What is a Stroke?
A stroke occurs when the blood flow to an area of the brain is interrupted by a blocked or broken blood vessel. When a stroke occurs, it kills brain cells in the immediate area. When the brain cells die, they release chemicals that set off a chain reaction that endangers brain cells in a larger surrounding area of brain tissue. Without prompt medical treatment, this larger area will also die. When brain cells die, the abilities that area of the brain controls are lost or impaired. The degree of recovery depends on the amount of brain cell death.
There are several steps you can take to prevent stroke. The first is to know your risk for having a stroke. A stroke assessment will help you identify steps you may need to take to lower your risk level. There are also several prevention guidelines to help you guard against the possibility of stroke.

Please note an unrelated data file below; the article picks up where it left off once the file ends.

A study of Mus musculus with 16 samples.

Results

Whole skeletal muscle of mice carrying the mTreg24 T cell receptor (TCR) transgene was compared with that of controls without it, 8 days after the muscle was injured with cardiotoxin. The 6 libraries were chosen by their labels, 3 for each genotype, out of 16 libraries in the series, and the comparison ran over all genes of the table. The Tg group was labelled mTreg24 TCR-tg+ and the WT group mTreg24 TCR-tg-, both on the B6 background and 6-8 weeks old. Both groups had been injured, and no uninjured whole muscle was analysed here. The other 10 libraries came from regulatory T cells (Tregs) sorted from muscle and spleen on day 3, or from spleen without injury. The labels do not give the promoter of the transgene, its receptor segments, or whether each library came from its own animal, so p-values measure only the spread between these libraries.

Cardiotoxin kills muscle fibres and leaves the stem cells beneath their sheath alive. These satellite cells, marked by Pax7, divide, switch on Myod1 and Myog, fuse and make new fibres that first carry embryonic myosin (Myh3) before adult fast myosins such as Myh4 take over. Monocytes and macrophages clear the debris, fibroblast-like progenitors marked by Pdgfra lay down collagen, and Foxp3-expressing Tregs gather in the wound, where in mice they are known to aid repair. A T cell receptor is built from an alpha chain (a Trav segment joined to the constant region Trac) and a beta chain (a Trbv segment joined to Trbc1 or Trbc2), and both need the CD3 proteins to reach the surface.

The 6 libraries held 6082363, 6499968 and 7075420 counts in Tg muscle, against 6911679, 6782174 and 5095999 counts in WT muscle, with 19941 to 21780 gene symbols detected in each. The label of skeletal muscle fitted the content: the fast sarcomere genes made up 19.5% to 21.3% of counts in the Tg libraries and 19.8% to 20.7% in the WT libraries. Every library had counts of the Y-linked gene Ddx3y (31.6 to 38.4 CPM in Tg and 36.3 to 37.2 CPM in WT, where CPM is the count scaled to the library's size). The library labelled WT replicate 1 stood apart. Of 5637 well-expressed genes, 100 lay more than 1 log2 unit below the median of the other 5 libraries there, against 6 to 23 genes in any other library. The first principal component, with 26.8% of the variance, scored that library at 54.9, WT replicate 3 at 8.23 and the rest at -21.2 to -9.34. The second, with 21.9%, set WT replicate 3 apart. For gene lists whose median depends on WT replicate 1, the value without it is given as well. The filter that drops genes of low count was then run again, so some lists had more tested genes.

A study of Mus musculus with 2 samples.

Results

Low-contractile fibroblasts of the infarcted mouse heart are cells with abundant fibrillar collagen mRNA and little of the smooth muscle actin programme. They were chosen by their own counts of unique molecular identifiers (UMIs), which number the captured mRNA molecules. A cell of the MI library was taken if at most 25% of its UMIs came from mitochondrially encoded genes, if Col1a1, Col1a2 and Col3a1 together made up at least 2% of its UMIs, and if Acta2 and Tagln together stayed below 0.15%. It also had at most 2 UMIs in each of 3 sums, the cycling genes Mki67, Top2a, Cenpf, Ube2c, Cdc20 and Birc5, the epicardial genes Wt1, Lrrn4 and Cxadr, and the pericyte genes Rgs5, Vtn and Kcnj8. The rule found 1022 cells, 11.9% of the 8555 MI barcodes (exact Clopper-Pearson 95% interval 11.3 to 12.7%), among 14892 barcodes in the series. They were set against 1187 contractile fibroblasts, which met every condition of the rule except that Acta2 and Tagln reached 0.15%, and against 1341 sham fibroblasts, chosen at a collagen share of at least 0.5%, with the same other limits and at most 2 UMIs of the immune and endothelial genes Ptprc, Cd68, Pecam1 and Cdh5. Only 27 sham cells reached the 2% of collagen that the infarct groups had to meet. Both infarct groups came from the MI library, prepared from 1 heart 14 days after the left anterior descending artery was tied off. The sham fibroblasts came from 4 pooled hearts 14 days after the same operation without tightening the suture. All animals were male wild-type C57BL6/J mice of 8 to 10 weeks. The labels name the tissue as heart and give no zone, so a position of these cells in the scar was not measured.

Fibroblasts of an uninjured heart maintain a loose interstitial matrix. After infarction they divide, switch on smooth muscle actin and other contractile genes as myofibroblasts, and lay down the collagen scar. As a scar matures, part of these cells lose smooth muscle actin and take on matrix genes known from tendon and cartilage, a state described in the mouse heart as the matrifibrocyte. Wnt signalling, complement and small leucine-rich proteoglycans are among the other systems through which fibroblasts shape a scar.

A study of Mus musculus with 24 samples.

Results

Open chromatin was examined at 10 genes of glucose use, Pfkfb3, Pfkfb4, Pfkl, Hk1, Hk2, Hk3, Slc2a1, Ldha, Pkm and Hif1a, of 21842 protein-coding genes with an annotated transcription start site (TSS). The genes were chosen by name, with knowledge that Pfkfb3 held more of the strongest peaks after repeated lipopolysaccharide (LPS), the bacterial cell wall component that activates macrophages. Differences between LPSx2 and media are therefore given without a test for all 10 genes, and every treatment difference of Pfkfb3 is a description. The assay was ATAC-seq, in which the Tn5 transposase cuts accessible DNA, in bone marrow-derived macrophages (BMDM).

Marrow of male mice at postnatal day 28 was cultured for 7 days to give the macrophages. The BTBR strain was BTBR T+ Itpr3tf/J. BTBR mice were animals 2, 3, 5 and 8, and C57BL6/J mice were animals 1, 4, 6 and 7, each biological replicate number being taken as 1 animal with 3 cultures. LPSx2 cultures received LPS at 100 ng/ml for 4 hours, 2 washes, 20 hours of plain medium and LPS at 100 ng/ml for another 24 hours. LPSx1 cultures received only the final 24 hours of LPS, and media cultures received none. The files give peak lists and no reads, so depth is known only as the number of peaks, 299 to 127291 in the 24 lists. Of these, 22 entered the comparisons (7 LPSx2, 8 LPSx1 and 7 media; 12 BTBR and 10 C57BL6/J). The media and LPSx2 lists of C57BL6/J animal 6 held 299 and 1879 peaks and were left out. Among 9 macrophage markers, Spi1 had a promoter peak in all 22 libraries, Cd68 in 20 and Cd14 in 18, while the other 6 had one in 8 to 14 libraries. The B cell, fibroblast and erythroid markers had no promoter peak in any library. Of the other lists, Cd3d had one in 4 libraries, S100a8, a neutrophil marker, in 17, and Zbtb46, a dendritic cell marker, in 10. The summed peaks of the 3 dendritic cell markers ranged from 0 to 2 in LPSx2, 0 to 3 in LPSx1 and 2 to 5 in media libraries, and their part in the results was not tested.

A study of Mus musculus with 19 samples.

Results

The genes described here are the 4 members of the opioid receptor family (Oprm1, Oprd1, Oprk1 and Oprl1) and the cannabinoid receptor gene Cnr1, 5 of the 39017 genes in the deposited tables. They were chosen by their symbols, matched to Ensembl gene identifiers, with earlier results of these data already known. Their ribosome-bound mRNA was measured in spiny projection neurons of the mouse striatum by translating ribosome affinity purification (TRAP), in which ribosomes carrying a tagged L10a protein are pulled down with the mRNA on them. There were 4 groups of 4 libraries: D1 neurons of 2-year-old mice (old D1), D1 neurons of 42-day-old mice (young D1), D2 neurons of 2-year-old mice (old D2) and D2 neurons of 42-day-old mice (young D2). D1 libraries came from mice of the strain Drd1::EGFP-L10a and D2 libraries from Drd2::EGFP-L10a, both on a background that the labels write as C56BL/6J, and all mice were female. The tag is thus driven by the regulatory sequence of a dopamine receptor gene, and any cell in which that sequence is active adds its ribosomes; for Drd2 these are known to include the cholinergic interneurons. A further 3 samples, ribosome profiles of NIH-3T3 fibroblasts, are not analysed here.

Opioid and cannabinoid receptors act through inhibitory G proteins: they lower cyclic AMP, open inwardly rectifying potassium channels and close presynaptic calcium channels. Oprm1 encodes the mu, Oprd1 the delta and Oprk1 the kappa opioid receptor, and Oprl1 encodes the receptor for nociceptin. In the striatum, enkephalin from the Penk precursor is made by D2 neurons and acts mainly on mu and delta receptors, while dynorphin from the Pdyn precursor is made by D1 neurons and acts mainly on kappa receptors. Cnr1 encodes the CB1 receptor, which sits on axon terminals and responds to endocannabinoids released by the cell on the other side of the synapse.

If You Think You are Experiencing Symptoms of Stroke – Seek Medical Attention Immediately!
Only 21% of patients with acute stroke arrived at the emergency department within 2 hours of symptom onset. Immediate treatment may minimize the long-term effects of a stroke and even prevent death.
Symptoms – B.E.F.A.S.T.
Here is a simple test to look for symptoms. Don’t forget time is important!
Is the person uncoordinated and having difficulty walking?
Ask the person if they have double or blurred vision.
Ask the person to smile. Does one side of the face droop?
Ask the person to raise both arms. Does one arm drift downward?
Ask the person to repeat a simple sentence. Are the words slurred? Is the sentence repeated correctly?
If the person shows any of these symptoms, time is important. Call 911!